Beginnings and Endings and Beginnings

There is a sacredness in being present at beginnings and endings.  These bookends of life, as well as other milestones mark the course of one’s days.  We have no control over when we are born.  Beginnings are pretty much out of our hands, much like the great beginning of this expansive place we call the universe.  We are born into its realities and complexities, and remain largely unaware of them until we are faced with some other beginning or ending: the end of childhood, the beginning of adulthood; the end of the single life, the beginning of marriage; the end of spiritual isolation, the beginning of a spiritual walk; the end of ignorance, the beginning of wisdom.

An indelibly etched beginning for me was the first time my father asked me for advice.  I was shocked, overwhelmed, and speechless.  Another beginning I remember was the very moment I realized that faith was not about fear, but is built on love in response to the love given to us first.

I remember the first time I really fell deeply in love, from first kiss to final embrace, and the years of pain that followed when that relationship fell apart.

I remember the moment I realized that I had likely found the woman I would one day marry.  It was not the giddy butterflies of infatuation I harbored – oh they had been around, make no mistake, and even return on occasion to make me feel young again.  It was a realization of and respect for my equal, yet opposite self, the one who could truly be my complement.

I was there for the birth of both of my children, and I recall their first cries.  I went with them to the nursery and spent time talking to them, getting to know them, introducing them to the wonder of life here in their first introduction to the great unknown.

I remember the beginning and ending of my many years as a student.  If truth be told, then that phase of my life has not truly ended.  What may have been the formal formative years may be over, but they only opened the world of learning to me, and I continue to assimilate, absorb facts, but more importantly understand.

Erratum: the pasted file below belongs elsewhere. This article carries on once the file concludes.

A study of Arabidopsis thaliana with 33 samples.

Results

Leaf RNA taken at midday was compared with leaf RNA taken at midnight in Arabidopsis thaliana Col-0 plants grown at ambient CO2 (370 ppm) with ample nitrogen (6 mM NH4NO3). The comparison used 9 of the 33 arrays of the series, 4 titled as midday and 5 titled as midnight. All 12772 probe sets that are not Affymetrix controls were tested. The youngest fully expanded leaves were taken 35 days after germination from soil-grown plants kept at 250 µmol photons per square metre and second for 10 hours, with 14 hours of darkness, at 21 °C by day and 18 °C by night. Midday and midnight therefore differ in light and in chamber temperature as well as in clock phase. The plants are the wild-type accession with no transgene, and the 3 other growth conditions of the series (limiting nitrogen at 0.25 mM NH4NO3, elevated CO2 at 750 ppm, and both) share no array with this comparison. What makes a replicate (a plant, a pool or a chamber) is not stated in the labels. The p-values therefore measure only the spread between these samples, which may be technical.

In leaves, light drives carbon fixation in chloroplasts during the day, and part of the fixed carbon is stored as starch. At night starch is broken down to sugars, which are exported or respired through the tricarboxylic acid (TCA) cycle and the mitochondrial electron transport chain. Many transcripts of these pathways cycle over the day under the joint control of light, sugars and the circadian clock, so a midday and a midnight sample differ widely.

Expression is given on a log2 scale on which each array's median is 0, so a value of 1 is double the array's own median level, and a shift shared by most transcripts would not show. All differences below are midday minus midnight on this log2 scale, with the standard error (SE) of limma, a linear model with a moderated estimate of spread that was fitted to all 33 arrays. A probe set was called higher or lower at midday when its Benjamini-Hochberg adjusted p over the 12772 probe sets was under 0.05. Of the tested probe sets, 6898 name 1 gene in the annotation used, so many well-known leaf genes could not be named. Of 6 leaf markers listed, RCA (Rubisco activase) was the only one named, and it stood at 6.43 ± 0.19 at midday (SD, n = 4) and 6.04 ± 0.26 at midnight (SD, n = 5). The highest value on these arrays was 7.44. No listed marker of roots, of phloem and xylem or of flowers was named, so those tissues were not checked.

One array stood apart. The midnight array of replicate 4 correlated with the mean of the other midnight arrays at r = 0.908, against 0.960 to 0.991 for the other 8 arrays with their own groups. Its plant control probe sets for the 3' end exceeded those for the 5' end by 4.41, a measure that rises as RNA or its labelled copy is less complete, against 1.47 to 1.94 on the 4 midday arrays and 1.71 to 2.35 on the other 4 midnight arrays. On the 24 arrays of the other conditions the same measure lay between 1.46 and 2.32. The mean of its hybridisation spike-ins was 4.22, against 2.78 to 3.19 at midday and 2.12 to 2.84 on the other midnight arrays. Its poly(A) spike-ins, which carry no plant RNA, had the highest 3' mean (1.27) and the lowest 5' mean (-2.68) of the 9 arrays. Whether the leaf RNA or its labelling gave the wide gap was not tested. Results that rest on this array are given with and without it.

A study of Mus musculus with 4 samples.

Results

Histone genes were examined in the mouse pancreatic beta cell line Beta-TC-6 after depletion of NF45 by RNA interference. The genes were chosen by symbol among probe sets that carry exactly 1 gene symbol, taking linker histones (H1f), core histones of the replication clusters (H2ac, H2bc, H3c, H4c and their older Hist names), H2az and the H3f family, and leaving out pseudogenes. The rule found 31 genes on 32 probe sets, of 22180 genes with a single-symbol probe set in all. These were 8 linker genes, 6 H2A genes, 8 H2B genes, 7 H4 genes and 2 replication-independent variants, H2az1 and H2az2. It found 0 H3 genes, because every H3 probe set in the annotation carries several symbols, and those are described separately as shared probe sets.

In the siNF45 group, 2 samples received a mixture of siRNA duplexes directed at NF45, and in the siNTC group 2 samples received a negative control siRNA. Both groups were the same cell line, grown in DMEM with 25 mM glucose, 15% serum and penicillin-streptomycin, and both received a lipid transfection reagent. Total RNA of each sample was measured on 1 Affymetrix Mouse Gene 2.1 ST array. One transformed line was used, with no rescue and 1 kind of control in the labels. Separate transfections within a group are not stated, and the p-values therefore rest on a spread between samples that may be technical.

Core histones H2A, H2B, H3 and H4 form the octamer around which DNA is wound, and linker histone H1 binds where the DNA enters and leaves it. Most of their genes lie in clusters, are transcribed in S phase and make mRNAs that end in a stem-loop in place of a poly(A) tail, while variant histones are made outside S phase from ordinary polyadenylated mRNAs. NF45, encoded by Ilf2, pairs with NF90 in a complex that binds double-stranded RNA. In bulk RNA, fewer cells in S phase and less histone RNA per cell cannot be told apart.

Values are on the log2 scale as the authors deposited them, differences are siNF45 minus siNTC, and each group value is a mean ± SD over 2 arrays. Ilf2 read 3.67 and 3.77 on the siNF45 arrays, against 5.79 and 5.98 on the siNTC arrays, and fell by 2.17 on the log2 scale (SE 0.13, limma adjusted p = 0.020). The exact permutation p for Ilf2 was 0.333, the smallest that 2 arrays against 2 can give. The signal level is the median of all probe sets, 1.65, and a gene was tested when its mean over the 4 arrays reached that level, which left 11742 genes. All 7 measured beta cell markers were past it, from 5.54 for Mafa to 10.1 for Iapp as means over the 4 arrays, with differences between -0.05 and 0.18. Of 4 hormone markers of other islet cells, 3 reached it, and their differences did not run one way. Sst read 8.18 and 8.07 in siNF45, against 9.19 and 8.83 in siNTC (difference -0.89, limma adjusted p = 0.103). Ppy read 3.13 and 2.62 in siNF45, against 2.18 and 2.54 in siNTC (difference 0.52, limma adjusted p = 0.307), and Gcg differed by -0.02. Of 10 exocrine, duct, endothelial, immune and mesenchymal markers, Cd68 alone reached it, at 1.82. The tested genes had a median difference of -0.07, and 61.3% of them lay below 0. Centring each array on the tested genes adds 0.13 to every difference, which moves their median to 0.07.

The ending we all fear and indeed misunderstand the most is death, and not all deaths are equal.  I was at my mother’s side when she passed away, showered and encompassed with all of the love her family could bring, and it was rich, and it was warm, and deep and in the end peaceful.  She began the next adventure of experience for the human soul, as we began the experience of temporal life without her.

But for a child to die at the hands of a gunman whose mind is distorted with irrational thoughts, with pain, and rage is often more than we who take the time to care can bear.  To die young of neglect or by violence of any sort, as in war, being used as a pawn to further this political ideology, this goal or another makes the shortened life all the more tragic.  To die by one’s own hand, the victim of one’s own tortured mind is among the most tragic and misunderstood deaths of all.

All such endings seem like such sad things, but they are only passages from one reality to another.  Life is change, and to remain the same is to no longer truly live.  If we could view, and in some cases maybe even celebrate an ending as the beginning it truly is, we would see that there truly is no end, no cause for sorrow or anxiety.

Transitions are difficult.  Not one of us remembers the moment of his own birth, the shock of breathing cold air, the loss of security of being cradled and nurtured by one’s first great love.  It must have been difficult, indeed.  These transitions are portals to the unknown, leading to mysteries to be marveled at, and challenges to overcome.  We are knit and molded of stuff as old as the universe.  No matter what, our substance will go on.  Our spirits, our souls that spark, that drive, that animate us beyond the animal consciousness cannot be quenched, moving from reality to reality.  When we realize that, a new beginning will have sprung fresh from the ending marked by that realization.  We will have changed.  And it isn’t so frightening, after all.